Erin O’Toole has lost a vote to remain leader of the Conservative Party of Canada.
The party’s 119 members of Parliament met virtually today to cast secret ballots after about one-third of them signed a notice that triggered a leadership review.
Ontario MP and national caucus chair Scott Reid said in a statement that 73 Conservative MPs voted to replace him while 45 endorsed him.
As caucus chair, Reid said he did not vote.
Conservative MPs must now choose who will serve as the party’s interim leader until the membership elects a permanent leader for the third time since 2017.
My message to Canadians— Erin O'Toole (@erinotoole) February 2, 2022
Mon message aux Canadiens pic.twitter.com/iRhq76bteB
New Brunswick MP John Williamson says he would like to be the interim leader.
“I will respect my caucus colleagues. I will listen to our movement,” he wrote on social media moments after O’Toole lost the vote.
“I know how to keep us united around the things that matter most to us as Conservatives.”
The Reform Act, which has been in place since 2015, allows a party’s MPs to trigger a leadership review instead of waiting for the question to be put to the wider membership.
The Conservative caucus is the only one that voted last year to accept the rule as binding.
On Monday night, after news of the coming leadership review came out, O’Toole put out a social media post that painted his dissenters as believing the party should hold more extreme views resembling those of Ontario MPP Randy Hillier and ex-MP Derek Sloan.
O’Toole and his team then started calling different MPs seeking their support.
Before the vote, Saskatchewan MP Jeremy Patzer also shared a statement with caucus from 21 former Conservative MPs, including former agriculture minister Gerry Ritz, that called for a new leader.
“Erin O’Toole has not only failed to unite the party, his words and actions in recent days have created greater disunity,” reads the statement obtained by The Canadian Press.
“It is time for him to step aside for the good of the Conservative Party and the nation.”
Former Edmonton MP Kerry Diotte, who lost his in seat the recent election, published his own social media post late Tuesday saying that as a former military man, O’Toole should know when he’s lost the battle.
“The writing is on the wall,” he said in a post of Facebook.
Garnett Genuis was among the Conservative MPs who were hoping to oust O’Toole. He expressed confidence Tuesday about the likelihood that they had the numbers.
O’Toole, a 49-year-old Ontario MP, took over the reins of the party in August 2020.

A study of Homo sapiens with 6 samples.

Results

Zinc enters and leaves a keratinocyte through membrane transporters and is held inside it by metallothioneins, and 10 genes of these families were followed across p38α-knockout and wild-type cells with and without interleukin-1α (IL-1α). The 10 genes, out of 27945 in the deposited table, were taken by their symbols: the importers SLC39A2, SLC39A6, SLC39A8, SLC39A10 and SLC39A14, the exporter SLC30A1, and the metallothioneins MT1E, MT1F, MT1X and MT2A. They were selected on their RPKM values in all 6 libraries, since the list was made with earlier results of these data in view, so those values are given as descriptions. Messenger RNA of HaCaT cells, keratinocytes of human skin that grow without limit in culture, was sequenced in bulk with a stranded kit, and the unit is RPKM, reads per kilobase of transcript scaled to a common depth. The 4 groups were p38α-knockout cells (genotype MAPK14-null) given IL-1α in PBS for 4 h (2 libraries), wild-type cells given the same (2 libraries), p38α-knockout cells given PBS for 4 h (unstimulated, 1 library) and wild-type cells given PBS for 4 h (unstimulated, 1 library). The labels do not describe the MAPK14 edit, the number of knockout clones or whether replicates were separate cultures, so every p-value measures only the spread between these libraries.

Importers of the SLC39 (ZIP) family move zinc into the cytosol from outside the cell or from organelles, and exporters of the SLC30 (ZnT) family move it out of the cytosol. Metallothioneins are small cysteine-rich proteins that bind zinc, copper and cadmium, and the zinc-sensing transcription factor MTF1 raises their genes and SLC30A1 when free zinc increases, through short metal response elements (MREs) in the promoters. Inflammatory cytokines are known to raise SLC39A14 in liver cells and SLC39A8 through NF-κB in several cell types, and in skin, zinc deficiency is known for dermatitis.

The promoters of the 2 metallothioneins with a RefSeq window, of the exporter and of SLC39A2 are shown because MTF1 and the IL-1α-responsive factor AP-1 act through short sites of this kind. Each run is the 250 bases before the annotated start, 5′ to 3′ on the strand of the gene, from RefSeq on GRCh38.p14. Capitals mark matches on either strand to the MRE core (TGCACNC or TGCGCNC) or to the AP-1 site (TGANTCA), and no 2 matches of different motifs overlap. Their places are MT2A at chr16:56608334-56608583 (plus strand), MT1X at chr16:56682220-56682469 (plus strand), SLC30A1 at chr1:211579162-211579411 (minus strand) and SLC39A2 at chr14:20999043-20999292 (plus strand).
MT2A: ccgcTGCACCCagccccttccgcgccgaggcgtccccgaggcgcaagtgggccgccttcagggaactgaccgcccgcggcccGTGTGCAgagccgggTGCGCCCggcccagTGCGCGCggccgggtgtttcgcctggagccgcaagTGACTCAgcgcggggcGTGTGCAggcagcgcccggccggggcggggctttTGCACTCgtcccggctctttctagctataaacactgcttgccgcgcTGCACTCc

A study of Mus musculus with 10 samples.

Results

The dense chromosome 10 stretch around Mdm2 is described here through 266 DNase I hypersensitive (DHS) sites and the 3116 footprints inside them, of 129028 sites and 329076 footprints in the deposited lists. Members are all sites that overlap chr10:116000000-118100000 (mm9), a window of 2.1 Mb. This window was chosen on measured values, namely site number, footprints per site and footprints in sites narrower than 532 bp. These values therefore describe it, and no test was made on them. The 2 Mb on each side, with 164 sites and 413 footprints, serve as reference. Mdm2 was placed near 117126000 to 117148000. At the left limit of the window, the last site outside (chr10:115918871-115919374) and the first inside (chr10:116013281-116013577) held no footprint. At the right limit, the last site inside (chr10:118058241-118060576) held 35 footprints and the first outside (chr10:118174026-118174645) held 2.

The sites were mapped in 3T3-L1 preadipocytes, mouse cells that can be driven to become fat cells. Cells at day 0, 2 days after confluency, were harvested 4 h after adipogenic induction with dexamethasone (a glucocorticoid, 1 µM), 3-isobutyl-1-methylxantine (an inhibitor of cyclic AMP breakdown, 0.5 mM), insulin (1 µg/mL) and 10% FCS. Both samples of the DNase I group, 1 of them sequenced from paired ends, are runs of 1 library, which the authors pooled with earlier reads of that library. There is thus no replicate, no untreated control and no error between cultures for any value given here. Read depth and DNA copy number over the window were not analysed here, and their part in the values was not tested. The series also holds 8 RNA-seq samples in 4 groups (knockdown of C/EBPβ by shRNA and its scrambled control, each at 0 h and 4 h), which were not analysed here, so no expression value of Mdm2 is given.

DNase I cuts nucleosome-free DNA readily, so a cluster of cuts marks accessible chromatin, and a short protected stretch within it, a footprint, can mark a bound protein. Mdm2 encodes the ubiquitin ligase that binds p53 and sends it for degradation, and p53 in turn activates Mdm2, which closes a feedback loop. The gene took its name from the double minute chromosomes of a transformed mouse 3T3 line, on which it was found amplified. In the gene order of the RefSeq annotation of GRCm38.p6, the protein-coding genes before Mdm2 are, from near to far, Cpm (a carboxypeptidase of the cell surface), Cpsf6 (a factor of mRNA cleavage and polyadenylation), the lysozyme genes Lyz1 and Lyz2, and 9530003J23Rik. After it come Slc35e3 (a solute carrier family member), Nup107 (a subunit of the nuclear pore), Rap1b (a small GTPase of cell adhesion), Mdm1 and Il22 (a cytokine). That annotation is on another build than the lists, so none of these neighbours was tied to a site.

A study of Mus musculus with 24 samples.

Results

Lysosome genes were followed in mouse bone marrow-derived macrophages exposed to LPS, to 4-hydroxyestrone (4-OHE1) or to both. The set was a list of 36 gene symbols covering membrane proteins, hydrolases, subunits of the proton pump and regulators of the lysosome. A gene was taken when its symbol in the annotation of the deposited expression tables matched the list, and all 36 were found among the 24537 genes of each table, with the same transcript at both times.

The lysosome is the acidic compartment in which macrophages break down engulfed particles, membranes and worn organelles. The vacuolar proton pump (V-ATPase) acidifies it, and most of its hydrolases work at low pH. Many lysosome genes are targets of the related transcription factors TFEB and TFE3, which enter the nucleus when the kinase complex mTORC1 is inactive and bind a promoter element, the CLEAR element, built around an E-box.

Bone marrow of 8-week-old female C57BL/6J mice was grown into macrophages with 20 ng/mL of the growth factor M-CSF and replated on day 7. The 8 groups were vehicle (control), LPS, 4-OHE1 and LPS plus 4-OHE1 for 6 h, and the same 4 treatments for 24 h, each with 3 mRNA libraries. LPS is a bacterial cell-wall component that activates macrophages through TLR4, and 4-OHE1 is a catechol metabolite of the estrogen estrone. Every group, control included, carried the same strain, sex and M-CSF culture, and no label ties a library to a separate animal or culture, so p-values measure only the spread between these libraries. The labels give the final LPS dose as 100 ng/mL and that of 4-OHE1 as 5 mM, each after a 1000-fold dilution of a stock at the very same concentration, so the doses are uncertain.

The corporate lawyer and Air Force veteran was first elected in a byelection in 2012 in the riding of Durham, a region his father also represented when he was in provincial politics.
O’Toole served as a cabinet minister for veterans affairs in former prime minister Stephen Harper’s Conservative government before it fell to the Liberals in the 2015 election.
He then put his name forward to be interim leader but lost. He tried again, this time for the party leadership in 2017, but placed third behind Andrew Scheer.
One of the major knocks critics had against O’Toole began after the 2020 race, where he ran as the “true blue” candidate over former cabinet minister Peter MacKay.
Once in power, O’Toole told party members changes were needed if it hoped to make gains in electorally-important regions like the Greater Toronto Area.
In an attempt to modernize the party and differentiate himself from Scheer — whose social conservative views dogged him in the 2019 campaign — O’Toole promoted his support of access to abortion and LGBTQ rights.
He also embraced carbon pricing, despite the fact that some of his MPs, including many in Western Canada, fought for years against the Liberal government’s carbon-pricing mechanism, which the Conservatives called a “carbon tax.”
During the leadership contest, O’Toole pledged that it would be scrapped.
During last year’s election campaign, O’Toole tried to attract more voters by putting a more moderate stamp on the party.
He also raised the ire of firearms activists and social conservatives by reversing course on promises midway through the race that were inked into his platform when he was being attacked by the Liberals.
Critics like Sen. Denise Batters, who last November began petitioning the party to hold an early leadership review, said his flip-flops damaged his image with Canadians and made him untrustworthy.
Others also point out that O’Toole finished with two fewer seats than Scheer did in 2019, and failed to make gains the party needed in major cities and suburbs.
Since his election defeat, O’Toole has struggled to bring his caucus together on issues like vaccine mandates, with many of his MPs feeling the party needed to take a tougher stand against such policies.
He has also faced pressure to more forcefully oppose a controversial secularism law in Quebec and faced pushback from members of the party’s social conservative wing for fast-tracking a government bill to ban conversion therapy for LGBTQ Canadians.